BOTS INC CONTINUES INITIATIVES IN THE EMERGING DECENTRALIZED FINANCE (DEFI) SECTOR. REALIZES MAJOR INCREASE IN EMERGING MARKET VALUE OF BIT
ANNOUNCING NEW UPDATES TO BASIC INCOME TOKEN (COIN: BIT) AS A DEFI TOKEN
SAN JUAN, PUERTO RICO, Dec. 21, 2020 (GLOBE NEWSWIRE) -- BOTS, Inc. (OTC: BTZI), an emerging innovator of products, technologies, and services for the rapidly growing digital robotic automation and manufacturing industry, announced today that it had completed initial stages of repurposing FIRST BITCOIN (COIN: BIT), having Livecoin.net crypto exchange recognize its new name as "Basic Income Token" while retaining "BIT" as the digital currency's symbol. We are awaiting CoinMarketCap and Coingecko's recognition of the name change. While First Bitcoin Capital was the first to develop a coin utilizing the symbol BIT, others have sprung up using this same symbol; therefore, readers of this news should be careful to avoid any confusion by matching the name with the symbol.
Basic Income Token was designed to provide individuals and communities access to a cryptocurrency that enables a savings program, micro-payments, and to earn interest or stake their BIT holdings utilizing the DeFi (Decentralized Finance) protocols. Initially, we only provided a limited amount of staking via Proof of Stake (POS) mining to enhance mining merely by keeping holders' bit wallets opened to earn more coins. We are upgrading staking by adding a Dapp that will allow holders of BIT to deposit their coins via our website to earn greater interest utilizing the Ethereum blockchain, increasing earnings up to .18% per day without the need to mine. This new approach will not stop holders from POS mining. In the near future, we intend to provide greater access to BIT through the Ethereum based Uniswap decentralized apparatus.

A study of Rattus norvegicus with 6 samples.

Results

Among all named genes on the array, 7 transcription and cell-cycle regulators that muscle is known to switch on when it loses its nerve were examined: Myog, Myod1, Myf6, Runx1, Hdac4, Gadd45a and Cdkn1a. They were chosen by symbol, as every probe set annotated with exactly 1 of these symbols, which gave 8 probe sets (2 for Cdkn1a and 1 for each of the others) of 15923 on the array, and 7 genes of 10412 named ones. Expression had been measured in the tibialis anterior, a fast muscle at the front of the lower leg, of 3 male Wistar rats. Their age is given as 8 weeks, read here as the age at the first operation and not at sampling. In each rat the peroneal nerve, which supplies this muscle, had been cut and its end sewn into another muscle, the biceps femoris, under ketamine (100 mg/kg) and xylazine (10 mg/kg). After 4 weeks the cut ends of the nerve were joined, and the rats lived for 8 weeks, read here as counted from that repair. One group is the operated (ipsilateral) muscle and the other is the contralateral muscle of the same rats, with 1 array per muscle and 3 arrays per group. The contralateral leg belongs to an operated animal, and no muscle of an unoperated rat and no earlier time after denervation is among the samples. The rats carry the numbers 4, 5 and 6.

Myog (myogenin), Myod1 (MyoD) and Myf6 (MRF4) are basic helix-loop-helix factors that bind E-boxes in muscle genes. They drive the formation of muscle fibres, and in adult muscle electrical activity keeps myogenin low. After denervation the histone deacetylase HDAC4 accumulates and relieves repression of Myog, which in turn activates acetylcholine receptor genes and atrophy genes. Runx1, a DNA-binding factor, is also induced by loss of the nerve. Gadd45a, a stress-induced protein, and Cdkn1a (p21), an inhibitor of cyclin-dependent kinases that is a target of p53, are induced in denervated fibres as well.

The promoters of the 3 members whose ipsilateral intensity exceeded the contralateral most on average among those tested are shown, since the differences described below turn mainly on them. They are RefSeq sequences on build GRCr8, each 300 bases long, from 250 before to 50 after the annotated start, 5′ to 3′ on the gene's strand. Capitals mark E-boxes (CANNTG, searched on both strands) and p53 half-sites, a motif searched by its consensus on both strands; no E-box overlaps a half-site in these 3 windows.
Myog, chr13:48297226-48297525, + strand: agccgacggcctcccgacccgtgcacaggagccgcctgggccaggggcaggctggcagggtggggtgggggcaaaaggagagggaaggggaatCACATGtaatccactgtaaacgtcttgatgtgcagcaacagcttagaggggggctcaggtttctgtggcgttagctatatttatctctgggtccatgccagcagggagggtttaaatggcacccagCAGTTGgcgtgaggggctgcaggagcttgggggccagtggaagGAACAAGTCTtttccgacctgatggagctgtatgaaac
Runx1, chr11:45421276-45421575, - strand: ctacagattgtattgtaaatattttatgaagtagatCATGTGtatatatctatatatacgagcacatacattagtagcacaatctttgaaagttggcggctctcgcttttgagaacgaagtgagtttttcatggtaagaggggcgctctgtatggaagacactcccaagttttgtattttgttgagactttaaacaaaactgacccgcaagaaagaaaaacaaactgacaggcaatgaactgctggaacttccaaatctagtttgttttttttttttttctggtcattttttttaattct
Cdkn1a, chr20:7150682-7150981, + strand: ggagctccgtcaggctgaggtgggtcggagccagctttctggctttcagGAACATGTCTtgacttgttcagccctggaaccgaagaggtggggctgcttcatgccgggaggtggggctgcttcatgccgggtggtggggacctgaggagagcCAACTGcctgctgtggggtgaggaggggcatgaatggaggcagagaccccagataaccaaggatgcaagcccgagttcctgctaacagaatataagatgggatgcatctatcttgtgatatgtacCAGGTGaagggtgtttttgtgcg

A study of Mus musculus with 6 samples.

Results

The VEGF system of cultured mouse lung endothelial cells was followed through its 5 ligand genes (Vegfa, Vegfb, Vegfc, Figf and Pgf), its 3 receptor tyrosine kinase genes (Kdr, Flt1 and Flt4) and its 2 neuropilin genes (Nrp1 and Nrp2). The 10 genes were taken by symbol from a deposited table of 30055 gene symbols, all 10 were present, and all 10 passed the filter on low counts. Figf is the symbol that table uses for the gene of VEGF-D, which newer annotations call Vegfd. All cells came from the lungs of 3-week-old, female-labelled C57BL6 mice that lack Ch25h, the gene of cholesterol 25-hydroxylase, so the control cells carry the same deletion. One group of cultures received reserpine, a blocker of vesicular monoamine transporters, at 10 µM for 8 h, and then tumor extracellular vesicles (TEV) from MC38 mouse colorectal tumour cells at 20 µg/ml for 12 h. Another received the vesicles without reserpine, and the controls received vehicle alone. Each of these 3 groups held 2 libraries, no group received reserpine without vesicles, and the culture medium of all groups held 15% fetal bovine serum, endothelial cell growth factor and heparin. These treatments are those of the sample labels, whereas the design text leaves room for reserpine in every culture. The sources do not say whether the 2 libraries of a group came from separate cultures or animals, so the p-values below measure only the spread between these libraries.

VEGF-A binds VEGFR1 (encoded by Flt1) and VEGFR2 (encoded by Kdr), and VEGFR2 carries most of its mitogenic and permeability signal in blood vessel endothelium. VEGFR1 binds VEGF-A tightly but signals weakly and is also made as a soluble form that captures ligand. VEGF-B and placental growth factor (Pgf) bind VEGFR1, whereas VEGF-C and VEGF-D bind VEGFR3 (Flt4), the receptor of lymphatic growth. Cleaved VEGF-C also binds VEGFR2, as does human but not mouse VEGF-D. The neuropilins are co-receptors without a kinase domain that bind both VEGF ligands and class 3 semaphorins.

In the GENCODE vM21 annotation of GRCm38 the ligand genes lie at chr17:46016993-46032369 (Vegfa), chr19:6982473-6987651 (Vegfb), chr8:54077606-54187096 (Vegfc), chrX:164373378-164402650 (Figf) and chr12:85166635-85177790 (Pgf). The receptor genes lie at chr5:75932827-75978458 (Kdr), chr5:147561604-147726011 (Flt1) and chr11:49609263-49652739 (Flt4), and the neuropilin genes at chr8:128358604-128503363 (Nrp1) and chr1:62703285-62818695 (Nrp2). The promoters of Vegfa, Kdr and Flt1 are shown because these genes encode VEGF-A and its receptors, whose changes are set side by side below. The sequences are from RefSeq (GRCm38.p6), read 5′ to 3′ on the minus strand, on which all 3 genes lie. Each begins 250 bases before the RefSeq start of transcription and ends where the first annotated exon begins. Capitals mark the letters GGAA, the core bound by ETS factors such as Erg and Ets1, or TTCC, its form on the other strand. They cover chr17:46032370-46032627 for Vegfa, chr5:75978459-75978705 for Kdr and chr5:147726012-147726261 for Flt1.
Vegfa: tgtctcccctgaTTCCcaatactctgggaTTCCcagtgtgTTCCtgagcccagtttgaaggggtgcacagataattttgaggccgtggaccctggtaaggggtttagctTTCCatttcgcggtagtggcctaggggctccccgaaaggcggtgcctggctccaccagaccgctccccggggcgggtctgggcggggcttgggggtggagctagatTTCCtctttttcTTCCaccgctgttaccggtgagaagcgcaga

International Bankers magazine described DeFi as "decentralized finance—that is, the application of financial services using decentralized technology such as blockchain. DeFi projects aim to provide financial services that do not require centralized entities or financial intermediaries, or middlemen to operate.
"At present, 'trust' within the global financial system is largely represented by systemically important financial institutions and regulatory bodies. Have they been successful in instilling sufficient trust? That's debatable at best. Errors, delays, and security vulnerabilities have certainly not been infrequent. Nor have these entities been shy when it has come to taking their own pieces of the pie in exchange for providing this purported layer of trust. And what's more, there have been depressingly few signs over the years and decades of their willingness to be more innovative, cost-effective, or efficient.